Overview

If you want to get the kids active and out of the house, then build them a hopscotch court. It's easy to make, looks great and can be fun for the whole family.

Steps

1Measure and mark for the hopscotch court

Measure and mark the area for the hopscotch court. We made ours about 3.5m x 1.2m. But make yours to fit the area you have. Use a line marker to map out the area to be cleared.

Person kneeling in bark mulch with measuring tape

2Clear the area

Use a rake to remove the top soil, leaves twigs and any loose material, until you get to the compacted soil. This ensures you have a solid base for the concrete mix that will hold the pavers in place.

Person raking the ground next to a pink spray line

3Lay the sand base

Spread the bags of brickies sand until you have a base that's 30–50mm thick. Level the sand off with a screed, then use a screed and a level to make sure the sand is flat.

Person levelling sand with a screed

4Compact the sand

Use a compactor to make the sand a stable base for the hopscotch court to be built on. You can hire a compactor from your local Bunnings.

Man wearing ear muffs compacting sand using a compactor

5Lay out the court

Lay out the pavers to make your hopscotch court. You can make the court any design you like. If you want, you can mark where the pavers go with spray paint.

Man laying a round concrete paver on sand base

6Mix the concrete

Mix the concrete according to the instructions the bag. You can mix the cement in either a wheelbarrow or concrete mixer. Remember to always wear a dust mask when mixing cement.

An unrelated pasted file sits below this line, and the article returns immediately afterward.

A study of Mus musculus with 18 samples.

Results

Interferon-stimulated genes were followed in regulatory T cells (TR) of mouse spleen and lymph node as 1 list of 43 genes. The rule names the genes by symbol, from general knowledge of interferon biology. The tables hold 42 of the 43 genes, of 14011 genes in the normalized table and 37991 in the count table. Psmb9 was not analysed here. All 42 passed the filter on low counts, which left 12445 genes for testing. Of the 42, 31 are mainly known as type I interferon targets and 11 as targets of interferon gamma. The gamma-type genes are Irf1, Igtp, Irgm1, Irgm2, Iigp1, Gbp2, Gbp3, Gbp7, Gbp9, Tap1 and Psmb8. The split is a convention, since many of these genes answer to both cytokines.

7Cement the pavers in place

Place cement on the sand base where the paver will go. Use enough to make sure the paver sticks to the ground. Place the paver on top of the cement and tap it into place with a rubber mallet. Use the spirit to make sure it's level. Repeat the process for all the pavers. Make sure that all of the pavers are level with each other. Allow the cement to cure and settle.

Person shovelling concrete onto a sand base between two pavers

8Finish off the court

Once the concrete has cured, fill in the area around the pavers with pine bark mulch and stones. Then put some plants around the pavers to add a splash of colour.

Person shovelling bark mulch around concrete pavers

9Time to play

Get the kids to use coloured chalk to number each of the pavers. Then it's time for them to play on their new hopscotch court!

Hopscotch court made from concrete pavers in a backyard
Health & Safety

Please make sure you use all equipment appropriately and safely when following the advice in these D.I.Y. videos. You need to be familiar with how to use equipment safely and follow the instructions that came with the equipment. If you are unsure, you may feel it is safest to consult an expert, such as the manufacturer or an expert Bunnings Team Member.

Grave health hazards are linked to asbestos, which may be in homes built up to 1990. Health hazards may result from exposure to lead-based paints in older materials and copper chromium arsenic (CCA) treated timber. For information on the dangers of asbestos, lead-based paint and CCA treated timber and tips for dealing with these materials contact your local council's Environmental Health Officer. You can also use a simple test kit from Bunnings to indicate the presence of lead-based paint.